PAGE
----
For a while, the CurseForge downloads API has struggled to handle the multiple World of Warcraft game clients (i.e., Shadowlands (retail), Burning Crusade Classic, and standard Classic (vanilla)). The API would return incorrect addon versioning information regardless of what game client you were viewing in an addon updater app, such as CurseForge's very own app or the WoWUp.io app (which still depends on the CurseForge API).
An addon must have a TOC file directly inside its folder for the game client to register and load it when launched. Blizzard made it possible to now have multiple TOC files for different game clients inside the same addon folder. Instead of deploying multiple addon folders for each game client, you can now deploy only one addon folder with multiple TOC files so that the same addon folder works across game clients.
TOC files also control what files are loading in the game. Therefore, an addon author could decide to disable certain features that a specific game client may not support to improve loading speeds and reduce memory usage.
Many addon authors would use multiple TOC files as previously mentioned to simplify their deployment and development process. When uploading their single addon that supports multiple game clients, the author will choose to mark the addon is compatible with all game client versions.
Unfortunately, the CurseForge API currently gets confused with this approach and will show incorrect addon versions in the addon updater app by ignoring, or skipping, versions at random. Therefore, some users will inadvertently download older versions even when a newer one is available.
Some addon authors will upload different versions of the same addon but list them with a postfix, such as
-retail, at the end of the version name. This sort of works, but you must remember to change the code; else, CurseForge will reject your addon for being identical to another version.
Even if an addon could work across any game client when using multiple TOC files, this upload requirement enforced by CurseForge discourages using multiple TOC files because each upload must be different. Therefore, a better solution is to give up on attempting to use Blizzard's multiple TOC support, at least for now, and instead create a new project on CurseForge for each game client.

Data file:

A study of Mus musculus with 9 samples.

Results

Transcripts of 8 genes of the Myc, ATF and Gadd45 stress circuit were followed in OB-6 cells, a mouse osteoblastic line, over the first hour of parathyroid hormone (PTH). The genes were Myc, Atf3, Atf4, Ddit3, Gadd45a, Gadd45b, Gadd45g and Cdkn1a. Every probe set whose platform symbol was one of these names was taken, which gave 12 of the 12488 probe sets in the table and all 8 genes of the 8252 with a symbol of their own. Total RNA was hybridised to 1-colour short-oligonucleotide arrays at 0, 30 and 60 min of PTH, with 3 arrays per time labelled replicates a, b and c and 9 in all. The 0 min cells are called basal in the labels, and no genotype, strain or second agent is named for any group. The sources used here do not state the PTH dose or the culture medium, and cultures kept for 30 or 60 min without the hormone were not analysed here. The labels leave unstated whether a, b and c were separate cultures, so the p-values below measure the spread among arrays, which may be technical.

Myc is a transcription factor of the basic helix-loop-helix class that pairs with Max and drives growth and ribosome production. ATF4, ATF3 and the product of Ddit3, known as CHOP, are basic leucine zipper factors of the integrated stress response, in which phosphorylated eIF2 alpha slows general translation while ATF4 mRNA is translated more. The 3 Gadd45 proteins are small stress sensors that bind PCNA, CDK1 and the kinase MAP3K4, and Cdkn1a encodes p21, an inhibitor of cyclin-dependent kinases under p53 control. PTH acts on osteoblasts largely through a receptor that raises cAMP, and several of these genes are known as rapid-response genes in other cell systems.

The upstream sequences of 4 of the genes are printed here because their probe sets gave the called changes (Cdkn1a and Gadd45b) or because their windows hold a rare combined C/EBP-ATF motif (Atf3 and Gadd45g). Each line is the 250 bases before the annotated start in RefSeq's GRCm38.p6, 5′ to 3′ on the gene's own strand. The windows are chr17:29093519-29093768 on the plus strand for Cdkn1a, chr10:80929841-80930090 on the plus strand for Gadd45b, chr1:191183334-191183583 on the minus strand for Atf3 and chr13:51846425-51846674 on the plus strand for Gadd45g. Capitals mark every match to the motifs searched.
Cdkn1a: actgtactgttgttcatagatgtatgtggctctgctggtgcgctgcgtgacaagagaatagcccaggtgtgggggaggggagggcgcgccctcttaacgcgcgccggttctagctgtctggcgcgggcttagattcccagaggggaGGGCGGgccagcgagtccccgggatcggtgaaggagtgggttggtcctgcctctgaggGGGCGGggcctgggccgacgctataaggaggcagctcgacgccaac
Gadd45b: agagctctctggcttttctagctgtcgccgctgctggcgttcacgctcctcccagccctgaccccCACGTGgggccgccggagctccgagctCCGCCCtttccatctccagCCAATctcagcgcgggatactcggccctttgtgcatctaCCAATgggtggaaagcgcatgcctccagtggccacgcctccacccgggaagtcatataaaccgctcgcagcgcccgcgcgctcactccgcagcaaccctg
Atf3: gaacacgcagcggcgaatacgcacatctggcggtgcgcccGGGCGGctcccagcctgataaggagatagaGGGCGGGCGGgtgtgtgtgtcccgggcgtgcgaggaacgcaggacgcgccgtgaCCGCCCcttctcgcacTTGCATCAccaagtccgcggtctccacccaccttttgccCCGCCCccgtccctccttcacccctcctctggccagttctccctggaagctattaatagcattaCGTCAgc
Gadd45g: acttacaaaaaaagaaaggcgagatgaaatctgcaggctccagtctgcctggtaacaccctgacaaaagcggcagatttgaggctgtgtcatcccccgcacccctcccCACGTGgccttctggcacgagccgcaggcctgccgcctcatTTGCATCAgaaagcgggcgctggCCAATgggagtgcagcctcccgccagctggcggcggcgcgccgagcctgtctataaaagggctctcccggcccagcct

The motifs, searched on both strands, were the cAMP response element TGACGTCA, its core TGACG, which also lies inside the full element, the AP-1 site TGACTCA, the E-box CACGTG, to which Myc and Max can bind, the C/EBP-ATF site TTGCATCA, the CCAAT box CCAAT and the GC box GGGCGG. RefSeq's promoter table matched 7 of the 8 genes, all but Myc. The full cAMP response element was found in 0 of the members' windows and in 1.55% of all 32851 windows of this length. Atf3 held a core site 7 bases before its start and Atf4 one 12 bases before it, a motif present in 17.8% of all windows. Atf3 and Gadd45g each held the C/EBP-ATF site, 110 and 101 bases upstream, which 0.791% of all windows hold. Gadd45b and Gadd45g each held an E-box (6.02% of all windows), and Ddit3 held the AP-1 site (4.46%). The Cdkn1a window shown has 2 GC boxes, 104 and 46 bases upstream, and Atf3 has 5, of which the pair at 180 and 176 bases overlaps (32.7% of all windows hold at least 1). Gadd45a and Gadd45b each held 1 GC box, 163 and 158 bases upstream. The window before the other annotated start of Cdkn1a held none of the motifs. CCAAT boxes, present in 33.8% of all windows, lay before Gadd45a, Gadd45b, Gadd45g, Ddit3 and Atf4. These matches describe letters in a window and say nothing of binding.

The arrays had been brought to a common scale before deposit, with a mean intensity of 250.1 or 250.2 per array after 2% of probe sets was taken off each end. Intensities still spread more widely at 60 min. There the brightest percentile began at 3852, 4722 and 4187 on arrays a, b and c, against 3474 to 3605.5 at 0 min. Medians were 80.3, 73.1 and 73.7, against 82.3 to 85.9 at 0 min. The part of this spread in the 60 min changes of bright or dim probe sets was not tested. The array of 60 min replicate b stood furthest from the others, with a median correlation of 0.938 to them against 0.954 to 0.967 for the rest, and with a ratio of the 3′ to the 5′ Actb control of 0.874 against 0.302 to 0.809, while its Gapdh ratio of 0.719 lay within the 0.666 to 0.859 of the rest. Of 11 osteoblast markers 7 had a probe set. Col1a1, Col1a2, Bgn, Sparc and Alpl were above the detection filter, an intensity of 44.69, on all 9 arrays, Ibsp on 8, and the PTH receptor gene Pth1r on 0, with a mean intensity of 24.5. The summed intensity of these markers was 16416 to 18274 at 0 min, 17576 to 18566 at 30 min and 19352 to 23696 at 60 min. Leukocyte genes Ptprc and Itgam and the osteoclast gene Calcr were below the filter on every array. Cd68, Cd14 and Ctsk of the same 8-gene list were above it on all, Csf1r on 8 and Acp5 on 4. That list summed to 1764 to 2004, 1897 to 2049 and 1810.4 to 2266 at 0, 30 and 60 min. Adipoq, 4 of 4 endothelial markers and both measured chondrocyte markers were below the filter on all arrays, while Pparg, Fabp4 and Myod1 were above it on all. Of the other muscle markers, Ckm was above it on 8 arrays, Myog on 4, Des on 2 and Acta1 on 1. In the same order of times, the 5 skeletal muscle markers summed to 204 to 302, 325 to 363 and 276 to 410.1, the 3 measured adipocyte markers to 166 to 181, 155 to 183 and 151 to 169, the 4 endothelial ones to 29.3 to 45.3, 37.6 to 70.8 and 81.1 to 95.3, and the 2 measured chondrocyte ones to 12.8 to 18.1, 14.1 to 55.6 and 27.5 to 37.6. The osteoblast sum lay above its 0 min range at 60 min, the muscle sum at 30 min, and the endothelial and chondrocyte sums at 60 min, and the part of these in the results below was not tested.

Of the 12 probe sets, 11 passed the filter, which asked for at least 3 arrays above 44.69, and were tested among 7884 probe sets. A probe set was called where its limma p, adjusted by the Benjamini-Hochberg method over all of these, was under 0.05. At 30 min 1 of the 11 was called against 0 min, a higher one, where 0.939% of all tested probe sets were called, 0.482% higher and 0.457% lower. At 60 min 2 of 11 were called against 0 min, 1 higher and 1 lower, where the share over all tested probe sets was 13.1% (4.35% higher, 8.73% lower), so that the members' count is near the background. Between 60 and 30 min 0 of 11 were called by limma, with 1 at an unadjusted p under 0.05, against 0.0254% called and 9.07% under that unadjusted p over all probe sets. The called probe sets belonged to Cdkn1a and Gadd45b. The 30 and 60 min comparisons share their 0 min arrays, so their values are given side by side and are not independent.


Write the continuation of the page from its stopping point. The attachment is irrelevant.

Many addon authors have adopted this approach, and it seems like a solid solution that doesn't result in any confusion. Both CurseForge and WoWUp seem to know which addon project, and addon version, you want to target when looking for updates and when searching for them based on what game client you have opened up in the app.
For example, when I have "BCC - World of Warcraft" selected from the drop-down menu in the CurseForge app, it shows my three MUI addons by only the Burning Crusade Classic versions of those addons despite having two other copies for Shadowlands (retail) and classic (vanilla).
Hopefully, the CurseForge team will eventually update their API to support multiple TOC files to go back to having a single addon project page with individual version downloads and make the whole process much simpler for the end-user. Ideally, the game-version info relating to addons should be entirely transparent for the end-user, and they should update to the latest addon version regardless of what game client they are using.
The standalone MayronUI addon files contained in the full UI pack (i.e., MUICore, MUISetup, and MUI_Config) for the time being will each have three different project pages on CurseForge for each game client. Your addon updater app should automatically detect which one to use, but if not, then it is recommended to uninstall the addon and search for it in the app and download it again. There is a chance that while migrating to this newer system by following the solution outlined previously, the app got confused and is showing the addon as "modified" and ignores attempts at updating to the correct version.